Out of the 18 electronics companies evaluated in the 8th edition of Greenpeace’s Guide to Greener Electronics, only two companies – Sony Ericsson and Sony – score above 5/10. The overall score of the ranked companies has plummeted as Greenpeace tightens requirements on electronic waste (e-waste) and toxic chemicals, and adds new requirements for evaluating companies’ impact on climate change.
The newly-added energy criteria (1) require companies to show their political support for global mandatory cuts in greenhouse gas (GHG) emissions in the post Kyoto political process. Companies must also commit to absolute reductions in GHG emissions from their own operations. Most companies take a limited view of this by only focusing on the energy efficiency of their products (2) rather than including the production process. The Information and Communications Technology (ICT) sector currently accounts for 2% of global GHG emissions (3), equal to the aviation industry. As one of the most innovative and fastest growing industries, Greenpeace expects the sector to take leadership in tackling climate change by reducing both their direct and indirect climate carbon footprint.
Apple again comes in at 11th position scoring 4.1 points (down from 6.0 points in Greenpeace’s last report in December 2007), mainly due to putting products on the market whose key components are free of brominated flame retardants (BFRs) and PVC vinyl plastic. For example, all new models of iMac and the MacBook Air have bromine-free casings and printed circuit board laminates as well as PVC-free internal cables. Millions of iPods now have bromine-free enclosures and printed circuit board laminates. The MacBook Air also has mercury free LCD display with arsenic-free glass. MacBook Pros come with mercury-free LED backlit displays. Apple scores poorly on most e-waste criteria, except for reporting a recycling rate in 2006 of 9.5% as a percentage of sales 7 years ago. It does only slightly better on energy criteria, failing to score on all criteria except energy efficiency of products, where it scores top marks (doubled) for all desktops computers, portable PCs and displays complying with Energy Star 4.0 and their iPod and iPhone power adapters not only exceeding the Energy Star standard, but already meeting California’s stricter efficiency regulations that take effect 1 July 2008.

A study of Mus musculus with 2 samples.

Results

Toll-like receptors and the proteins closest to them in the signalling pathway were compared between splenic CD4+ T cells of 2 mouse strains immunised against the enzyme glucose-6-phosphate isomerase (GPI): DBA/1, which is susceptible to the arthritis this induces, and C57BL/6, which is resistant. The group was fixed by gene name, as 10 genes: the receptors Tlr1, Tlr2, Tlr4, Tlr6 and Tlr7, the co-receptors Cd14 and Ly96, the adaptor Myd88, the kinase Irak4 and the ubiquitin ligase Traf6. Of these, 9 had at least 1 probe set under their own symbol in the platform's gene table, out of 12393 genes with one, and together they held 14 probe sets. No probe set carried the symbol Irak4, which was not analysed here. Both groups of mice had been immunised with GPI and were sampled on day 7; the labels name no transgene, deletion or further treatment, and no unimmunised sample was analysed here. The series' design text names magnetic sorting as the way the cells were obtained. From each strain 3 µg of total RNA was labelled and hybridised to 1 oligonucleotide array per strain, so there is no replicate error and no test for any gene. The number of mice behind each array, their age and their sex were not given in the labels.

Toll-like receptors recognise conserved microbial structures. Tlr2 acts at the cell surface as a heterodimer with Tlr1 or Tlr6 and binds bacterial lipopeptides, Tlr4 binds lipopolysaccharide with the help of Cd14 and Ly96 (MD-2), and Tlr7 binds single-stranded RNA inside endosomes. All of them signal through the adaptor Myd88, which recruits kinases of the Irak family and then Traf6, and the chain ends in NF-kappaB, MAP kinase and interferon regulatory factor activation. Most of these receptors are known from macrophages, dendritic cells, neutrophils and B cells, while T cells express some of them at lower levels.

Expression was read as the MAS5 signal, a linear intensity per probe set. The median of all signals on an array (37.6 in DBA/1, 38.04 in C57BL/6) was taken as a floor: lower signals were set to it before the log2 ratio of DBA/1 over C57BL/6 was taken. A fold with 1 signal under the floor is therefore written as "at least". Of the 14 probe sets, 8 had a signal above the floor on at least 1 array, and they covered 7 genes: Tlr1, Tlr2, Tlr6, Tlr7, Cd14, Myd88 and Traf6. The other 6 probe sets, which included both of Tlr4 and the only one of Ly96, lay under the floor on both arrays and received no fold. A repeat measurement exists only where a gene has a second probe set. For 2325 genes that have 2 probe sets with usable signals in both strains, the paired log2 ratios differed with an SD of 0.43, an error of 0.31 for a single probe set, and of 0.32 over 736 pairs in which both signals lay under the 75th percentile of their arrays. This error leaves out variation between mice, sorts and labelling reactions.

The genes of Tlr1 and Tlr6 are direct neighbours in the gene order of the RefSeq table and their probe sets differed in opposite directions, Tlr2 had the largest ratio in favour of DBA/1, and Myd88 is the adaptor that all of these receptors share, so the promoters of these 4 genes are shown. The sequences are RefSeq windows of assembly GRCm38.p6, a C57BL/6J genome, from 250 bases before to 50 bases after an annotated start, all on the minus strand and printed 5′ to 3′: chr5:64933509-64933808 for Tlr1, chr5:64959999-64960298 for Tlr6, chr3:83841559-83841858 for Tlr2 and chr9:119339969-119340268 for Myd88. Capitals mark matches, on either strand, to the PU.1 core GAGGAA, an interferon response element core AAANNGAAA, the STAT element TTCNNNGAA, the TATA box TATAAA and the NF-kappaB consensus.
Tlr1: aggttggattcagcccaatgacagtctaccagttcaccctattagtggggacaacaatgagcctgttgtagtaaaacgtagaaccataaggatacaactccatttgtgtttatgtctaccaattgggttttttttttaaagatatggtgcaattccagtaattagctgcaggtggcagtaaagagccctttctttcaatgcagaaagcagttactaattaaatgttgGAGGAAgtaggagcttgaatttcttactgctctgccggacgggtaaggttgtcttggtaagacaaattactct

“Electronics giants pay attention to environmental performance on certain issues, while ignoring others that are just as important. Philips, for example, scores well on chemicals and energy criteria, but scores a zero on e-waste since it has no global take-back polices,” said Iza Kruszewska, Greenpeace International Toxics Campaigner, in the press release. “Philips would score higher if it took responsibility for its own branded e-waste and established equitable global take-back schemes.”
Many companies score well on energy efficiency as their products comply and exceed Energy Star standards (4). The best performers on energy efficiency are Sony Ericsson and Apple, with all of their models meeting, and many exceeding, Energy Star requirements. Sony Ericsson stands out as the first company to score almost top marks on all of the chemicals criteria (3). With all new Sony Ericsson models being PVC-free, the company has also met the new chemicals criterion in the ranking, having already banned antimony, beryllium and phthalates from models launched since January 2008.
“Greenpeace aims to show which companies are serious about becoming environmental leaders. We want them to race towards meeting the new criteria: phasing out other toxic chemicals, increasing the recycling rate of e-waste, using recycled materials in new products and reducing their impact on climate change,” concluded Iza Kruszewska.